With the 2012 election settled the pundits have had over a month and a half to blabber away on their conclusions about what the election results mean.  Time’s magazine with Obama as their “Man of the Year” is a perfect example.  According to Time he has reshaped the American political landscape and brought about a demographic and political shift in the country.  Apparently 2010’s interruption of this trend does not matter.  Others, many of them intelligent political strategists on both sides of the aisle, say that if the GOP does not make inroads with minorities, young voters and women the party is doomed to be a permanent minority party (outside of the House).

In a prior posts I have explained how the GOP’s issues with many voters run deep.  Among singles the GOP message of social conservatism does not resonate.  Among minorities the image of being a white-male dominated party does not endear itself to an increasingly young and diverse nation.  And for women, well, a staunchly anti-abortion stance makes the GOP ripe for attacks on the issue.

Yet if one digs through the numbers, at least in this election, one can see that the GOP’s issue with voters can really be lumped down to a problem with one growing group of voters, minorities.  Indeed, Romney won white voters 59%-39% but he lost all other voters (minorities) by over 60 points.  Even though whites were 72% of the electorate their distribution is smaller in swing states such as NV, CO, FL, etc. which Romney needed to win to take the White House.

Much of the GOP’s media hyped problems with singles, women and young voters can also be lumped down to their issues with the minority voters among these groups.  Romney did lose white single men and women but not nearly by as much as he did among single blacks, Hispanics and Asians.  Romney won white women 56%-42% but lost black women 96%-4% and Hispanic women 76%-23%.  Romney even managed to win 18-29 year old white voters 51%-44% but he lost 18-29 year old blacks, Hispanics and Asians by massive margins.

There is no easy fix for the GOP among these voters.  These voters have been ignored by the GOP since the 1980’s when it started to become clear that in the future they would be a serious electoral bloc.  Now that the GOP has been prevented the White House, twice, by these voters the party is finally taking them seriously.  But the issues the GOP has won on in the past seem to be the very issues these voters seem to have more nuanced views on.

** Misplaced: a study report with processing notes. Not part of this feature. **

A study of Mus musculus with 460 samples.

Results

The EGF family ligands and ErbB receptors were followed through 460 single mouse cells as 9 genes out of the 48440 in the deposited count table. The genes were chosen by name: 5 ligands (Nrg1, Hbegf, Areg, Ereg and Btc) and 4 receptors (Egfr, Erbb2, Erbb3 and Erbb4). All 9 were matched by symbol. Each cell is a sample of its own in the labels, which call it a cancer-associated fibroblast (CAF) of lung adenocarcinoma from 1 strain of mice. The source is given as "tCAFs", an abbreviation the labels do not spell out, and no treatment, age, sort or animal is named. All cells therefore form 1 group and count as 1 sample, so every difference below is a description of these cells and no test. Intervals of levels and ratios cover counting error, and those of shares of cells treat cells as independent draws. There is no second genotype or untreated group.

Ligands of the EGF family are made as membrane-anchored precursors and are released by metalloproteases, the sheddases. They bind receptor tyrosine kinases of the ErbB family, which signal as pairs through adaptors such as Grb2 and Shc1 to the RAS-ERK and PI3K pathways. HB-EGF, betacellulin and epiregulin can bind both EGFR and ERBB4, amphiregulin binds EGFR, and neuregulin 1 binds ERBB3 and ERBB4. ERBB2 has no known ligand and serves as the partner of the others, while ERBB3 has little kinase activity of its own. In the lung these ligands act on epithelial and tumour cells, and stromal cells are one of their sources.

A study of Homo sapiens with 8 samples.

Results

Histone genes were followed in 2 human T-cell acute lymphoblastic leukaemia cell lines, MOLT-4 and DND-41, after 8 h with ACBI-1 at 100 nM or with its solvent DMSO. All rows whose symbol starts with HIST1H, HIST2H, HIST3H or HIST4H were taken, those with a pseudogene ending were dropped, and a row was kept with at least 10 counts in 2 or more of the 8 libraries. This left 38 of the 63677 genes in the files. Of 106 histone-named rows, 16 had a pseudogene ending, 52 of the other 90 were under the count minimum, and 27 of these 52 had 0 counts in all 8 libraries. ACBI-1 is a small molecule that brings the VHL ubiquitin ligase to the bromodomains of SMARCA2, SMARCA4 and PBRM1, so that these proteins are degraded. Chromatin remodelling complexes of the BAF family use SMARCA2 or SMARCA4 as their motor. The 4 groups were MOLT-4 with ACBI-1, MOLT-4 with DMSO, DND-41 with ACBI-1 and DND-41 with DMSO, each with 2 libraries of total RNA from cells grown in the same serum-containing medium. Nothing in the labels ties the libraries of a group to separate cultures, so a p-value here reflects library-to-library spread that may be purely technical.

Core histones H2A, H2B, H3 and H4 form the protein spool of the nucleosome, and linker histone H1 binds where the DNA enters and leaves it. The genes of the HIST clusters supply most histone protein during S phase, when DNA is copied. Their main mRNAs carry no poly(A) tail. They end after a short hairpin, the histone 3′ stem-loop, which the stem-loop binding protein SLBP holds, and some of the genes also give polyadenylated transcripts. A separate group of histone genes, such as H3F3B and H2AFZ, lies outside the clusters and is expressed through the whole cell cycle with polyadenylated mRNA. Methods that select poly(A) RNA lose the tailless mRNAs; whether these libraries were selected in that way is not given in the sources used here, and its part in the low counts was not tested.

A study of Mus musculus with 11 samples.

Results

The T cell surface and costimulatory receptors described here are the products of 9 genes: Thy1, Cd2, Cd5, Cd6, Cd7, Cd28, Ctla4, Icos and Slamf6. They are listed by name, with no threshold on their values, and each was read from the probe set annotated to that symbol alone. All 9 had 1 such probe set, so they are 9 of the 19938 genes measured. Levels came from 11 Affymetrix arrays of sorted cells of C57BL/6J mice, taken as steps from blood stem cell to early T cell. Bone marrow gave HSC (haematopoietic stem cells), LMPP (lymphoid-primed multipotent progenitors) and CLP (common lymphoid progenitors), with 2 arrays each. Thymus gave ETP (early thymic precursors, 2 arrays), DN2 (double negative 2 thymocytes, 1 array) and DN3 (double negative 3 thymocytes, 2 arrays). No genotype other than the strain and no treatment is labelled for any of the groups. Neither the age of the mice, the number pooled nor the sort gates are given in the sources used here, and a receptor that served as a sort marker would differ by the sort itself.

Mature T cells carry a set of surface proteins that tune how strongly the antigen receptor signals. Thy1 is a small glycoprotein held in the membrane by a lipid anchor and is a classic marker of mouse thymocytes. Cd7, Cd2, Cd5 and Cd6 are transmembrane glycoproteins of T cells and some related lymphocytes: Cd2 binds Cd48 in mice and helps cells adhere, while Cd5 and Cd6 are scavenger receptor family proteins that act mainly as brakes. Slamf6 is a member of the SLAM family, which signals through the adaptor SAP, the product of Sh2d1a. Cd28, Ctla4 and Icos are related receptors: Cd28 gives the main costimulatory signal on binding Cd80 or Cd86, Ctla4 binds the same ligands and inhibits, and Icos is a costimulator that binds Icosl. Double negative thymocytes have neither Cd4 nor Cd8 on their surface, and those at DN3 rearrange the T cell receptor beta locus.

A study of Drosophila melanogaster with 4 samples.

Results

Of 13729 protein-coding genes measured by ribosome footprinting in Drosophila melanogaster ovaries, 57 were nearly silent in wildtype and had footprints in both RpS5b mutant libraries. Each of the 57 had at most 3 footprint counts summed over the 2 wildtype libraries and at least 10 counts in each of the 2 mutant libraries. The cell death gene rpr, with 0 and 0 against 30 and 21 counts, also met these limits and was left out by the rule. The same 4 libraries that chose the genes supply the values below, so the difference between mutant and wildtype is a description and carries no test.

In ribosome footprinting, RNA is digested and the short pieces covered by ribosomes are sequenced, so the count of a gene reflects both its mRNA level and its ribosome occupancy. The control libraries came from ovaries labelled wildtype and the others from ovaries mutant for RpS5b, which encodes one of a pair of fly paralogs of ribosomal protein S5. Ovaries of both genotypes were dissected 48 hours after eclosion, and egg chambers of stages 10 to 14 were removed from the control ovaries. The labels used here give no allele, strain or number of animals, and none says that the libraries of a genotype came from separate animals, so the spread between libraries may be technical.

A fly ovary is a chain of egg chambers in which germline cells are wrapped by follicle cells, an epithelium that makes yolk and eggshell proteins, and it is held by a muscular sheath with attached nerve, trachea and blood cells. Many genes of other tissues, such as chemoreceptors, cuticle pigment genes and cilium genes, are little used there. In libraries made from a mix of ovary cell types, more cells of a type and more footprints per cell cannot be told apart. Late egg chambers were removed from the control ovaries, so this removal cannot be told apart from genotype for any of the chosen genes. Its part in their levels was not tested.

Without a doubt the lack of a clear standard-bearer for the GOP post-Bush has hurt them among these voters.  In the campaign this damaged Mitt Romney before he even made it out of the primary.  Since GW’s exit from the White House these voters have been left with the notion that firebrands like Rush Limbaugh, Sean Hannity, Bill O’Reilly, Ann Coulter, etc. are the ones that head the GOP of today.

As fast as it possibly can the GOP is trying to push 2010 victors such as Marco Rubio (R-FL) and Kelly Ayotte (R-NH) to the forefront of the what the party represents.  The election of 2010 represented the deepest diversity the GOP ever has had.  Hispanic Governors in New Mexico and Nevada were elected.  Indian-American Nikki Haley was elected in South Carolina.  In 2011 Bobby Jindal (R-LA) was easily reelected.  Even now the GOP is trying to bring more diversity to its Caucus with Nikki Haley’s nomination of African-American Congressman Tim Scott to replace Tea Party icon Senator Jim Demint.

But presenting an image of diversity is a far cry from actually winning voters on the issues.  The GOP has long ceded numerous issues like Healthcare and Education to Democrats.  On Entitlement programs the GOP is also seen as uncaring in its reforms among younger voters.  Even on national defense and security, the GOP’s bread and butter issue, they have lost their significant edge in trust among voters on the issue.  Only on taxes and fiscal issues does the GOP maintain a close edge with Democrats.

Younger voters are a different kettle of fish than older voters.  This presents the GOP with a difficult and yet possible way forward.  Embracing the issues that young voters care about, gay marriage, pragmatism on abortion, education reform, a reformed tax code and so on are the very things that might anger the party’s older, white base.  Yet if this election proved anything it is that these voters are becoming a much smaller share of the electorate.  For the GOP to survive in the new political environment they must embrace reform and change and aggressively push it.

In Wisconsin, Louisiana, Virginia, Michigan and elsewhere GOP Governors have been at the forefront of reforming their states.  In Louisiana,  Jindal has reformed his state’s pension and education systems.  In Virginia, Bob McDonnell has balanced the state’s budget and presided over a massive expansion of the state’s economy.  In Wisconsin, Governor Scott Walker fought back against unions and reformed the state’s education pension system.  In Michigan, Rick Snyder just made the state the nation’s 24th right to work state (Mitch Daniels and Indiana became the 23rd in 2011).

Pragmatic/intelligent governance and increasing diversity are not instant panaceas for the GOP among these voters.  The GOP has not only ceded issues to Democrats but it also has ceded the media and especially social media to the Left.  This means that younger voters have been inundated with Leftist messages and propaganda.  At some level, all these young voters have internally absorbed these biased views of the GOP and what it stands for.  Fighting these messages will not be easy for the GOP.  Nor will being labelled the party of white males no matter what the GOP does.  But the GOP must, lest it become irrelevant in the future.